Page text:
The headlines are focused on the numbers surrounding COVID-19 cases, but there are some troubling indirect effects of the pandemic that Baylor College of Medicine cardiologists are saying we can’t ignore. Recent studies have found that there has been an increase in cardiovascular related deaths over the past year, and while there are a number of factors, one is thought to be related to the deferment of doctor visits.
“When it comes to heart health, we are seeing that people are deferring their care out of fear of heading to the clinician’s office and being exposed to COVID-19,” said Dr. Salim Virani, professor of medicine – cardiology at Baylor and a staff cardiologist at the Michael E. DeBakey Veterans Affairs Medical Center. “But the rules of engagement regarding heart health and emergencies should not change.”
While people who have heart disease are at a higher risk of suffering from severe COVID-19, including a higher risk of death from COVID-19, these same people are at risk for complications from their heart disease if they skip appointments or ignore worsening symptoms.
“At the start of the pandemic, there was a halt to some outpatient visits but the options to stay in contact with your clinician have increased since then to include virtual visits as well as phone calls or emails. It is important to stay in contact with your healthcare provider, especially if you have heart disease or another type of cardiovascular issue,” Virani said.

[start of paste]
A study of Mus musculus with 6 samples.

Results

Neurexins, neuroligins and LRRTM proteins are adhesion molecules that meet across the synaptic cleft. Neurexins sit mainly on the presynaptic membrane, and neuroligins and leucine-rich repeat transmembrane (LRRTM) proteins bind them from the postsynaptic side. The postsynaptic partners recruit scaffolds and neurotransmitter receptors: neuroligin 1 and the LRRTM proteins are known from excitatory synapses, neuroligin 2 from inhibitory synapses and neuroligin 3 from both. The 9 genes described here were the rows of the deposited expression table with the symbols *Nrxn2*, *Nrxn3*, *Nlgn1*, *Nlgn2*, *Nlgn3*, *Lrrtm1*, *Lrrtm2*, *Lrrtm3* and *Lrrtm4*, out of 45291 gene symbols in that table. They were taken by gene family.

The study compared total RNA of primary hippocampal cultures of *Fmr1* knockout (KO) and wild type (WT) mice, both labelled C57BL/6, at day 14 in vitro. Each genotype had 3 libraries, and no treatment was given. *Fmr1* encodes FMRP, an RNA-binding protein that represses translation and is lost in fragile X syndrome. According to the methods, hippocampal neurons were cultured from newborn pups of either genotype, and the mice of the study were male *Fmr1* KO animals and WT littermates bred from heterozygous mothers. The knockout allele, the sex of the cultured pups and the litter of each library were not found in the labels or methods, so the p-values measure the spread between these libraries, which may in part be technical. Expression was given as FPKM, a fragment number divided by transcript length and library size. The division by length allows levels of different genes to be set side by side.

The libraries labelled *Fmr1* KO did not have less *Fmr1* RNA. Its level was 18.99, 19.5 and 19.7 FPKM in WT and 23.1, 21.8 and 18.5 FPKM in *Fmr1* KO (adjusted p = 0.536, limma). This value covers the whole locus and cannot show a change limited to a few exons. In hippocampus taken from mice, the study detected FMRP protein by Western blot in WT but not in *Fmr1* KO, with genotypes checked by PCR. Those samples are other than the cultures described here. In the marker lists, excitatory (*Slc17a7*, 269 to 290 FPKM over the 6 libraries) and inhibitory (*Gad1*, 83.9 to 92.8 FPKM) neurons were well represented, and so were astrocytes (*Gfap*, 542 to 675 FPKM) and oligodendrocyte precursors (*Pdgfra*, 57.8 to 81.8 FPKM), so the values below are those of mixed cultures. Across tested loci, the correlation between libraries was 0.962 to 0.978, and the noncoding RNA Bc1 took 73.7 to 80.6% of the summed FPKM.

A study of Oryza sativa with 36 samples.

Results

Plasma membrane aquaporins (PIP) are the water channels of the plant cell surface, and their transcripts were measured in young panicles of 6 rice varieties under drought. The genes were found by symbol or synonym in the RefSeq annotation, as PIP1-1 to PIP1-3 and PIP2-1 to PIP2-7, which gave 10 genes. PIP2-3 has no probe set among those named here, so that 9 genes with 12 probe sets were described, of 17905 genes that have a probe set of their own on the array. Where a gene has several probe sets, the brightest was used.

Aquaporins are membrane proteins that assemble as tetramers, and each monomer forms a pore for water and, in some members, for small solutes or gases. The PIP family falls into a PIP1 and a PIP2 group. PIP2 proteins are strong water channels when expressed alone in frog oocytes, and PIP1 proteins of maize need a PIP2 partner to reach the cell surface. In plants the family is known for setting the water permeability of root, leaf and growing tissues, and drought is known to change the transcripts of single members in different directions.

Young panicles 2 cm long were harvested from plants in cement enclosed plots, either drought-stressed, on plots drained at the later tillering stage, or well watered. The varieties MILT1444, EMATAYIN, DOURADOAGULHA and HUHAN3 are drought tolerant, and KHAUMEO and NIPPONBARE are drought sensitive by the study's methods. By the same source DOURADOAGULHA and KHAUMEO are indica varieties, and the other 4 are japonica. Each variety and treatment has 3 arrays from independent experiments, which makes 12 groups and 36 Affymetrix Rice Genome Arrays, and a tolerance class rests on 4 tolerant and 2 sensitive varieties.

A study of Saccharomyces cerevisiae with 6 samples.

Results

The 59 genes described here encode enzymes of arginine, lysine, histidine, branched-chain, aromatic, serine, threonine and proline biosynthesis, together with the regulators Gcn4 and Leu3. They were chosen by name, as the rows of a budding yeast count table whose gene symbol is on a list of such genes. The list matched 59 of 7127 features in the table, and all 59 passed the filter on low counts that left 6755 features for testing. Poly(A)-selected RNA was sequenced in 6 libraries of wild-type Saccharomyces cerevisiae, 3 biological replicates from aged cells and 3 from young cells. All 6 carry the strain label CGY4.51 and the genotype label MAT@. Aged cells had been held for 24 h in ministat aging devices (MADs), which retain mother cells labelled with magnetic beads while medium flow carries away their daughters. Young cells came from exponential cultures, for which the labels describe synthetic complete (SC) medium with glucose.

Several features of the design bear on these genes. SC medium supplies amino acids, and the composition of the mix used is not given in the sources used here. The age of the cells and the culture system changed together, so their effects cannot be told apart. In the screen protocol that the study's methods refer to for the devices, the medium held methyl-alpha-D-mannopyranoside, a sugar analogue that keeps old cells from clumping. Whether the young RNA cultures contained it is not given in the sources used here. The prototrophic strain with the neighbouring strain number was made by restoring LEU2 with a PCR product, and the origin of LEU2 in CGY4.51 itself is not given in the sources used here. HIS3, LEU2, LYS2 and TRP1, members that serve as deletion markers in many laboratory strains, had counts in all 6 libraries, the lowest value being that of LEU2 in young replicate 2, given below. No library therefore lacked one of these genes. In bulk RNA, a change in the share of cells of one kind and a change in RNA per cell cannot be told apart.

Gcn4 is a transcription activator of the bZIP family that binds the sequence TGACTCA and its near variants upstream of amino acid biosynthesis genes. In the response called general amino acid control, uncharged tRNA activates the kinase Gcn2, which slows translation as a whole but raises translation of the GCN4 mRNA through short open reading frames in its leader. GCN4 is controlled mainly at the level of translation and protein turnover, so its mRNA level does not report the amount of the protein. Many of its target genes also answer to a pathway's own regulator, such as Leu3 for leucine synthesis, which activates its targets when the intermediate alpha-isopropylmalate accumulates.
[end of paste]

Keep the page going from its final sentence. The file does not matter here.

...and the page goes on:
If an in-person visit is needed, Virani noted that many offices and hospitals have increased their efforts to keep areas safe through physically distanced check-ins and waiting areas, through symptom screenings and through strict use of face masks. Virani adds that you should take the same precautions you would at any public space to add to your safety; wear a mask, physically distance and sanitize your hands frequently.
He emphasizes that if an emergency does occur you should still call 911.
Another indirect effect of the pandemic on heart health is that more people are staying indoors and not participating in as many healthy activities, especially those that occur in a group setting. This adds up to a more sedentary lifestyle with less physical activity.
“Eating healthy and staying active is a part of a heart healthy lifestyle, so it is not a good change when physical activity levels are decreasing,” Virani said. “Remember to focus on physical distancing, not social distancing. You can still head outdoors and get some exercise. This can help with improving heart health and reducing the risk of heart disease and stroke.”
Another benefit of more exercise is that it could reduce stress, which has been known to be a contributing factor to high blood pressure, increasing your risk of cardiovascular issues.
This brings us back to why it is so important to stay in touch with your provider and not defer care, Virani says. Your clinician will be able to go over your risk factors and help you create a plan to maintain, treat or prevent cardiovascular disease and stay at your healthiest during the pandemic.